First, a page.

Smaller outages still remained Friday. But Bill Magness, president of the Electric Reliability Council of Texas, says the grid again has enough capacity to provide power throughout the entire grid.
As electricity and heat returned to Texas homes, water problems remained as cities continued boil-water notices and repaired broken pipes and water mains.
More than 190,000 homes and businesses remained without power in Texas according to poweroutage.us, down from about 3 million two days earlier.
Winter storms also left more than 330,000 from Virginia to Louisiana without power and about 71,000 in Oregon were still enduring a weeklong outage following a massive ice and snow storm.
The snow and ice moved into the Appalachians, northern Maryland and southern Pennsylvania, and later the Northeast as the extreme weather was blamed for the deaths of at least 58 people, including a Tennessee farmer trying to save two calves that apparently wandered into a frozen pond and 17-year-old Oklahoma girl who fell into a frozen pond.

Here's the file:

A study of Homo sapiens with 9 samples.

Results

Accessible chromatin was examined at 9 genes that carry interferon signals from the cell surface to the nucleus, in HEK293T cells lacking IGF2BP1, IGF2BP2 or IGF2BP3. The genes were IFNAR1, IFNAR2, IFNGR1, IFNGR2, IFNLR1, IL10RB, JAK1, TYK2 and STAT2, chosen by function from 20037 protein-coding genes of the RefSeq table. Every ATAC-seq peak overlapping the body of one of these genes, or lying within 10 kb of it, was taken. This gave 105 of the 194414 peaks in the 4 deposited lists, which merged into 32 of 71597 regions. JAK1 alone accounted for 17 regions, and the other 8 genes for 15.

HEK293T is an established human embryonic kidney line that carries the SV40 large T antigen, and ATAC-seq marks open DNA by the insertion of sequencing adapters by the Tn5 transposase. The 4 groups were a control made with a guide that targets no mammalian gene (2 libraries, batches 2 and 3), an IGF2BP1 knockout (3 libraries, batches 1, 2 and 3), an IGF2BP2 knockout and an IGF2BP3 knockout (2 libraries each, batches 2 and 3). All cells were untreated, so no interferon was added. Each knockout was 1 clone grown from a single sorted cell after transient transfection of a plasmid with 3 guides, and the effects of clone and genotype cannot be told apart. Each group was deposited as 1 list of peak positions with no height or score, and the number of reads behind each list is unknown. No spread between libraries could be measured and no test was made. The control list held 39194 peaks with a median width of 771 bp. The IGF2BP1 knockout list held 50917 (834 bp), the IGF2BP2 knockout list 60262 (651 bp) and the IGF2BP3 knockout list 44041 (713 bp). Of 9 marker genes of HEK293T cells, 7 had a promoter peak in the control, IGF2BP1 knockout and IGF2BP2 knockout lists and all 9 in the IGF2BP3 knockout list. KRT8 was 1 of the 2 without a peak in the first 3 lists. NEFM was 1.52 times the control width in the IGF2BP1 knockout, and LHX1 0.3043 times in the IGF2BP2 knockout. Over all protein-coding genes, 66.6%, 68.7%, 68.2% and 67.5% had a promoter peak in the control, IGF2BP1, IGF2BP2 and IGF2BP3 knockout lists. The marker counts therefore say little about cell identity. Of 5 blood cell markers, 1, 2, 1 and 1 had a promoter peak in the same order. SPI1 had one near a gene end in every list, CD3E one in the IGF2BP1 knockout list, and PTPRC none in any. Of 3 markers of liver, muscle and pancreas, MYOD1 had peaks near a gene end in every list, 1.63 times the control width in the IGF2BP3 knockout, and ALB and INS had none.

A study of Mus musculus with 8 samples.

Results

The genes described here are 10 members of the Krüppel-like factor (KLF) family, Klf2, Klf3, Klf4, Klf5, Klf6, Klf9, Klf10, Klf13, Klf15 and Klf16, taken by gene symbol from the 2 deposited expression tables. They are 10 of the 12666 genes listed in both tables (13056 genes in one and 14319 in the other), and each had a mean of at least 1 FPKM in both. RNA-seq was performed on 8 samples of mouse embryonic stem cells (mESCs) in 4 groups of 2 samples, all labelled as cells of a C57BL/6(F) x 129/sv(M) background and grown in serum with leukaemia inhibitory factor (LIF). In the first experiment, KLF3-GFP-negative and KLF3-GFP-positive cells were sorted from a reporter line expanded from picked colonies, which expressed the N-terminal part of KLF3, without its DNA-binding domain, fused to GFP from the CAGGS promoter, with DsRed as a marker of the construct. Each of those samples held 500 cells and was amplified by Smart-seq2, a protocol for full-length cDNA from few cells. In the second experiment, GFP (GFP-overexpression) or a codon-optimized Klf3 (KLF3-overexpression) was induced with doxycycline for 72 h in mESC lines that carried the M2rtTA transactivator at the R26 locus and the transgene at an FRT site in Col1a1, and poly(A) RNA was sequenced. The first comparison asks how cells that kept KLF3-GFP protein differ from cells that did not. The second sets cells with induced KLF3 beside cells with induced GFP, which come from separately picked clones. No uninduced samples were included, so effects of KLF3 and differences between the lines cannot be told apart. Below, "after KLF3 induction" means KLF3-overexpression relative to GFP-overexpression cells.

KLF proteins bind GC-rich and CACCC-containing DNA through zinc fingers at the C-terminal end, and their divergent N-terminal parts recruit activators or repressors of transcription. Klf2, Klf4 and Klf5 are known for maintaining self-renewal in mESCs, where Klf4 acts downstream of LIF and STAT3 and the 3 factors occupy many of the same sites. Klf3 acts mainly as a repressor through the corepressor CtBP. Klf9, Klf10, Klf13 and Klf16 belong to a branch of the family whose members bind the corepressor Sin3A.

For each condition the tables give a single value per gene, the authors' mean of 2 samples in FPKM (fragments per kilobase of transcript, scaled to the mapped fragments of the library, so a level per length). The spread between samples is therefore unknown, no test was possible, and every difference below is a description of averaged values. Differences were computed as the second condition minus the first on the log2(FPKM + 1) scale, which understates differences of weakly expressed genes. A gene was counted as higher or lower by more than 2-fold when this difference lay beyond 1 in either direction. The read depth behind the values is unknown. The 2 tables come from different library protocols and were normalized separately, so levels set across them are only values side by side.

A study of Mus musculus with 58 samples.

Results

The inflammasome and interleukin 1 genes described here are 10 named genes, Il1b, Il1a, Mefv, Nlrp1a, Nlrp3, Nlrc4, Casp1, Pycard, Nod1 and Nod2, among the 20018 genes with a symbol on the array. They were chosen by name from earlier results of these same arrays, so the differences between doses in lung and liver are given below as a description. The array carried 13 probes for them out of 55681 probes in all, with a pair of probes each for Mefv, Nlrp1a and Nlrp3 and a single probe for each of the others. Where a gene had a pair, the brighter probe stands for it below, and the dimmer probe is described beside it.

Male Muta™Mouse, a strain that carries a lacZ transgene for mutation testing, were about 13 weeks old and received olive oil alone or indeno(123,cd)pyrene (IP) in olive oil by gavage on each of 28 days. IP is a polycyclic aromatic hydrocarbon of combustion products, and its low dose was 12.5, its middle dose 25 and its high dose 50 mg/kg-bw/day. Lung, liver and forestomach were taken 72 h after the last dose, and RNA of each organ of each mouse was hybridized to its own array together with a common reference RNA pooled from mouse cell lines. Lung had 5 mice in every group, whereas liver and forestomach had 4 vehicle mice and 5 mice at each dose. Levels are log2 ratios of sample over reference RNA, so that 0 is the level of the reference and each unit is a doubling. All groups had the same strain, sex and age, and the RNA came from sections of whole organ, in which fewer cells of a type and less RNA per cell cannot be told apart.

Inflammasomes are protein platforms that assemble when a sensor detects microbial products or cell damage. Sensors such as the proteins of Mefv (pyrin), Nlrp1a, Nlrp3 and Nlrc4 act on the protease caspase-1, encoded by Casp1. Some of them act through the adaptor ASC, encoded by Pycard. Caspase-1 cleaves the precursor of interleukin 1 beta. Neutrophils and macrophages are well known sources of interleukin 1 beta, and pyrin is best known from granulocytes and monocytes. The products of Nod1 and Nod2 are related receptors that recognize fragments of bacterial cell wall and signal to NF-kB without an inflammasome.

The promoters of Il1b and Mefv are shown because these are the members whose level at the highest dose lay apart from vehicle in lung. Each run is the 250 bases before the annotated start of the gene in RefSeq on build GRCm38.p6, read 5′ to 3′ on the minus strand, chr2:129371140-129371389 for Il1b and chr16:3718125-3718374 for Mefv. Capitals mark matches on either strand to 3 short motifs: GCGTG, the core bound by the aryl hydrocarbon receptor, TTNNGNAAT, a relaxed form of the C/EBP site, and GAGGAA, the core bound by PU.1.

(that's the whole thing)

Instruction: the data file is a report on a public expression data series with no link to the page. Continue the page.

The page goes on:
A growing number of people have perished trying to keep warm. In and around the western Texas city of Abilene, authorities said six people died of the cold — including a 60-year-old man found dead in his bed in his frigid home. In the Houston area, a family died from carbon monoxide as their car idled in their garage.
Federal Emergency Management Agency acting administrator Bob Fenton said Friday that teams were in Texas with fuel, water, blankets and other supplies.
"What has me most worried is making sure that people stay warm," Fenton said on "CBS This Morning," while urging people without heat to go to a shelter or warming center.
Rotating outages for Texas could return if electricity demand rises as people get power and heating back, said Dan Woodfin, the council’s senior director of system operations.
Adding to the misery: The weather jeopardized drinking water systems. Authorities ordered 7 million people — a quarter of the population of the nation’s second-largest state — to boil tap water before drinking it, following the record low temperatures that damaged infrastructure and pipes. In Abilene, a man who died at a health care facility when a lack of water pressure made medical treatment impossible.
Water pressure dropped after lines froze and because many people left faucets dripping to prevent pipes from icing, said Toby Baker, executive director of the Texas Commission on Environmental Quality. Abbott urged residents to shut off water to prevent more busted pipes and preserve municipal system pressure.